Duty in this Region

Welcome to Spain/Bienvenido a EspaƱa

Welcome to Spain - or more accurately, Andalucia, the country's southernmost self-governing region, with its 500 miles of beaches or "playas," its crystal blue seas, and rolling countrysides rich in sunflowers, olive trees and flourishing vineyards.

Known as the "Florida of Europe," Andalucia and its Costa del Sol, or "Coast of Sun," attract northern vacationers who come not only for the beaches and mild weather, but for flamenco dancing, bullfights and festivals.  The lifestyle is laid back, the food healthy, and the locals friendly, as long as you respect their culture.  Few locals speak English, so learning some Spanish before arriving will help you integrate more quickly. And the sooner you adapt to this vibrant culture, the happier and more fulfilled you will be.

Andalucia is comprised of eight provinces stretching east to west across the southern coast. They include: Cadiz, Cordoba, Jaen, Huelva, Almeria, Malaga, Granada and Sevilla.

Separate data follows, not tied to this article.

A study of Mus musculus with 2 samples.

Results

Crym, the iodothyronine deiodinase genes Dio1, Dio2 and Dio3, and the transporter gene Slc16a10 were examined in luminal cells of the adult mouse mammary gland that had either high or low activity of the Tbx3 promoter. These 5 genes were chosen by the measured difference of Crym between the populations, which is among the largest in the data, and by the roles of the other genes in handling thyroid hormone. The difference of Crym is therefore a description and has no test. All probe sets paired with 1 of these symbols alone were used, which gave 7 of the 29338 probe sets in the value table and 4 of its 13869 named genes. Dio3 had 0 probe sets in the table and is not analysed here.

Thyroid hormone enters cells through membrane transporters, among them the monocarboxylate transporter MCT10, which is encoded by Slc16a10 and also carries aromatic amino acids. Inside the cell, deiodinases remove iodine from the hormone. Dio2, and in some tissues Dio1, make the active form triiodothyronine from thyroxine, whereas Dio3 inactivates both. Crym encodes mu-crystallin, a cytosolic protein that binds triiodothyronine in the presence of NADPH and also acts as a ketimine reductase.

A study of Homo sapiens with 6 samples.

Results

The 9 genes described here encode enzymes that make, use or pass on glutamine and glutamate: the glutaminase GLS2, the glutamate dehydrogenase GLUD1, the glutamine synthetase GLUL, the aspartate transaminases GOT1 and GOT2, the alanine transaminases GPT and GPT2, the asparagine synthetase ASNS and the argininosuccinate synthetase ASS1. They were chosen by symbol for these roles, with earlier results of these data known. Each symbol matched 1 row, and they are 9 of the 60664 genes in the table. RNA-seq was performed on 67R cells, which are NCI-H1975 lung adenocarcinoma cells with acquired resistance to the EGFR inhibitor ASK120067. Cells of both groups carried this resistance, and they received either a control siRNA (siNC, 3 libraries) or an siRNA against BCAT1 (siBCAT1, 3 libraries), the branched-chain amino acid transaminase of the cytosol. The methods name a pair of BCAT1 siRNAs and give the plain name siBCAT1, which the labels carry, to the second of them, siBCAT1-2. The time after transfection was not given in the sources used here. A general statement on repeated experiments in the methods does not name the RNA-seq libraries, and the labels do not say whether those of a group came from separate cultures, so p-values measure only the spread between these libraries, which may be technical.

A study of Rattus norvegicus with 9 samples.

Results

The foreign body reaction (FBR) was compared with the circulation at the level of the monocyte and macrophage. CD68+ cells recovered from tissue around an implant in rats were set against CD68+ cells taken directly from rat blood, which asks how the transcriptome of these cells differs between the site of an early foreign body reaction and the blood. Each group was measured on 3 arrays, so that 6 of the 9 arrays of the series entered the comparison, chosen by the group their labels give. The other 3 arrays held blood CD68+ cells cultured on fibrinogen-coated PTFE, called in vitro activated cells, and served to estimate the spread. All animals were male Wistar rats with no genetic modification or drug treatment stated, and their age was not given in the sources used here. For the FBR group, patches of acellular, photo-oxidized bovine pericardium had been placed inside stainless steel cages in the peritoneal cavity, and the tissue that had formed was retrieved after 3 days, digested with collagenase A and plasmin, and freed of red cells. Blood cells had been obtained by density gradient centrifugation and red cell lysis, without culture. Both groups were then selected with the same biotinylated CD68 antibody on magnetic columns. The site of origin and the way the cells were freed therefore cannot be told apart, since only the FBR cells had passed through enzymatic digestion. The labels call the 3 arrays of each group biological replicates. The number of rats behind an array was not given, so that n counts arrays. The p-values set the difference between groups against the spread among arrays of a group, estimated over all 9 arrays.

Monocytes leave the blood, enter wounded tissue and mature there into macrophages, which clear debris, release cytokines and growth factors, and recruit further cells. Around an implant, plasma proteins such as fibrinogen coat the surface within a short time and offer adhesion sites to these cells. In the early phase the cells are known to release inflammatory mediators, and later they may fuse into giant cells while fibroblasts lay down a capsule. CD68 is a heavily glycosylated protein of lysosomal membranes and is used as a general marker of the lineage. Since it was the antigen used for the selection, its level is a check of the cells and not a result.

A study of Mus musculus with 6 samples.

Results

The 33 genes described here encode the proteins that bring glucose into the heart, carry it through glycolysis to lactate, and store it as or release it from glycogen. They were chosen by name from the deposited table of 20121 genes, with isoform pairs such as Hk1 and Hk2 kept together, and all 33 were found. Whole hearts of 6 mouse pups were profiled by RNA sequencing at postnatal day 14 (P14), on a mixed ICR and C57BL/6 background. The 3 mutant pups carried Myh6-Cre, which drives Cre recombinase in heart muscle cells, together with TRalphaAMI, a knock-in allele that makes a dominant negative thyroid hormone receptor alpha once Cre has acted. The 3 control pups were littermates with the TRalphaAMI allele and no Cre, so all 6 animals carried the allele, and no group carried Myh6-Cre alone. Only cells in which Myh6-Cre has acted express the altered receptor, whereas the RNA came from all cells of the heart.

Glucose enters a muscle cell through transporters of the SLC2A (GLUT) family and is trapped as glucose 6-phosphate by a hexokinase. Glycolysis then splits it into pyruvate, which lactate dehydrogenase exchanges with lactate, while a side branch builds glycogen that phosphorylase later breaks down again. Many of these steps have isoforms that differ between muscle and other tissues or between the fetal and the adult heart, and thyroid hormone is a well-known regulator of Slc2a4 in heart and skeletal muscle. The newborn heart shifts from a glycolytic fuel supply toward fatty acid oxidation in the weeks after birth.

Rota, a town of 30,000 nearest to the Spanish naval base where you will be assigned, is one of many small whitewashed villages, or Pueblos blancos, directly on the Atlantic coast. In the summer, Rota swells to about 120,000 - most of them vacationing Europeans.  The same is true for other Andalucian towns, where the main industry is largely related to tourism.

Andalucia's tourism industry has exploded in recent years, turning one of Spain's poorest regions into the holiday choice for Europeans. Construction of "unifamiliaries" residences, or seaside condominiums in the traditional curvy stucco, can be seen everywhere, as the tourist boom grows.

One of the best ways to get to know Andalucia is at one of more than 3,000 fiestas celebrated each year, including fairs ("ferias"), pilgrimages, carnivals, mock battles between Moors and Christians and religious processions, throughout the 800 communities of the region.

While here, don't forget that you are stationed on a Spanish naval base and are, therefore, a guest of the Spaniards. Gates are maintained by Spanish security and require two forms of identification, plus a vehicle pass, to enter and exit. The United States flag is flown only on the Fourth of July.